There is a romance surrounding freelance work that says freelancers get to do what we want, when we want and actually have plenty of money too. If money runs low, we just call up a client, do some work, get paid and go off and have fun in the sun again. (Rumor has it top programmers can live like this)
The truth is a little different. A lot of time is spent finding clients, negotiating a reasonable hourly rate, and once the project is done then comes the challenge of hassling accounting to actually get paid. The difficulty there is that most freelance jobs are not built into the standard operating budget so don’t get paid along with the monthly expenses.
Surprisingly this problem persists across the board, whether you’re working with a small company or a large one. I’ve given this problem some thought as I continue to wait for payment and send out my weekly reminders that I’m still owed money.
It comes down to value. Is the freelance work valued at the same level as that of an employee? Is a freelance contractor working without the backing of a placement firm considered a valuable addition to a project/company/event? Usually that answer is somewhere close to ‘no’.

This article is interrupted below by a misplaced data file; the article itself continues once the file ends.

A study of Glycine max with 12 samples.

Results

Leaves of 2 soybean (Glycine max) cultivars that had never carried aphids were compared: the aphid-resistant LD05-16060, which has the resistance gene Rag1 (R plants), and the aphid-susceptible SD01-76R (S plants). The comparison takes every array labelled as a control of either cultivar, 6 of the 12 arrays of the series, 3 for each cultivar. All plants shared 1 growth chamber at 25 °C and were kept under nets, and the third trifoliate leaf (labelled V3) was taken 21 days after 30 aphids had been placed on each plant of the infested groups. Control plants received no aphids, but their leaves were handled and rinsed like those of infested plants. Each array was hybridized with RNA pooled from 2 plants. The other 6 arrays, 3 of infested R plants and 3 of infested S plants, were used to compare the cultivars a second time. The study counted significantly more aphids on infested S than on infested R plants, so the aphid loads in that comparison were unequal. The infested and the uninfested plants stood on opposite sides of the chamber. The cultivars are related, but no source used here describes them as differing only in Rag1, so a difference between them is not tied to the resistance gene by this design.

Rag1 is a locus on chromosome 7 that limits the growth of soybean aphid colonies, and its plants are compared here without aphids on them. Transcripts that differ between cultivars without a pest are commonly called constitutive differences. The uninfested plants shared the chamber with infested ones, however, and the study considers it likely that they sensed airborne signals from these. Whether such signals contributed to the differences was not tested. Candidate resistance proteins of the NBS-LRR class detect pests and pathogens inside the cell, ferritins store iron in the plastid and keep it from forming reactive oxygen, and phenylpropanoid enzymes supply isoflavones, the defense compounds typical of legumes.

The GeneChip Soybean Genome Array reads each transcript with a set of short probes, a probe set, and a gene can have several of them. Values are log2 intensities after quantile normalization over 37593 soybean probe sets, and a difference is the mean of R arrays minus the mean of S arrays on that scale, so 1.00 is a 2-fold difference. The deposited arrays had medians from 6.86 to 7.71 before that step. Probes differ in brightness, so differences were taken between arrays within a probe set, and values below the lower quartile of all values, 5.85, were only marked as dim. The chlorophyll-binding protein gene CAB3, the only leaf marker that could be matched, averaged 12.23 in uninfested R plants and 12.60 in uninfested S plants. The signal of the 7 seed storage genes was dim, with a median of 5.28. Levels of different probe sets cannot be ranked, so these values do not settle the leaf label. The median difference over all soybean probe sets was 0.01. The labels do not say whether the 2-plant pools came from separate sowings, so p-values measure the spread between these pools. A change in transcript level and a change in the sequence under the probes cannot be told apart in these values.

That’s not necessarily a fair assessment. It’s not an unambiguous ’no’. It’s more complicated than that, but when you’re waiting for your money for the work you’ve done, you’re really not interested in the ambiguities of whether you’re valued -no amount of praise affects that - or where in the budget, or the changing financial picture of the client you might fit.
So after a tough - lean - few months does that mean I’m going to quit freelancing? No. There are too many adventures to still be had in freelancing. There is that freedom to work any 24 hrs. of the day I choose, and have some time and energy left to work on my novels, volunteer at my offspring’s robotics team … and I get stay home with my ailing dog.
It also means I get to jump on opportunities I might not otherwise. I can help somebody out who’s just starting out as a writer, by offering constructive advice and developmental editing, I get to continue to work with and advise my screenwriting client as he determines the best direction to take the screenplay. And I get to keep looking for that next challenging and exciting project that will require me to learn and grow and exceed expectations. But it does mean I will continue to evaluate this way of doing business, every month.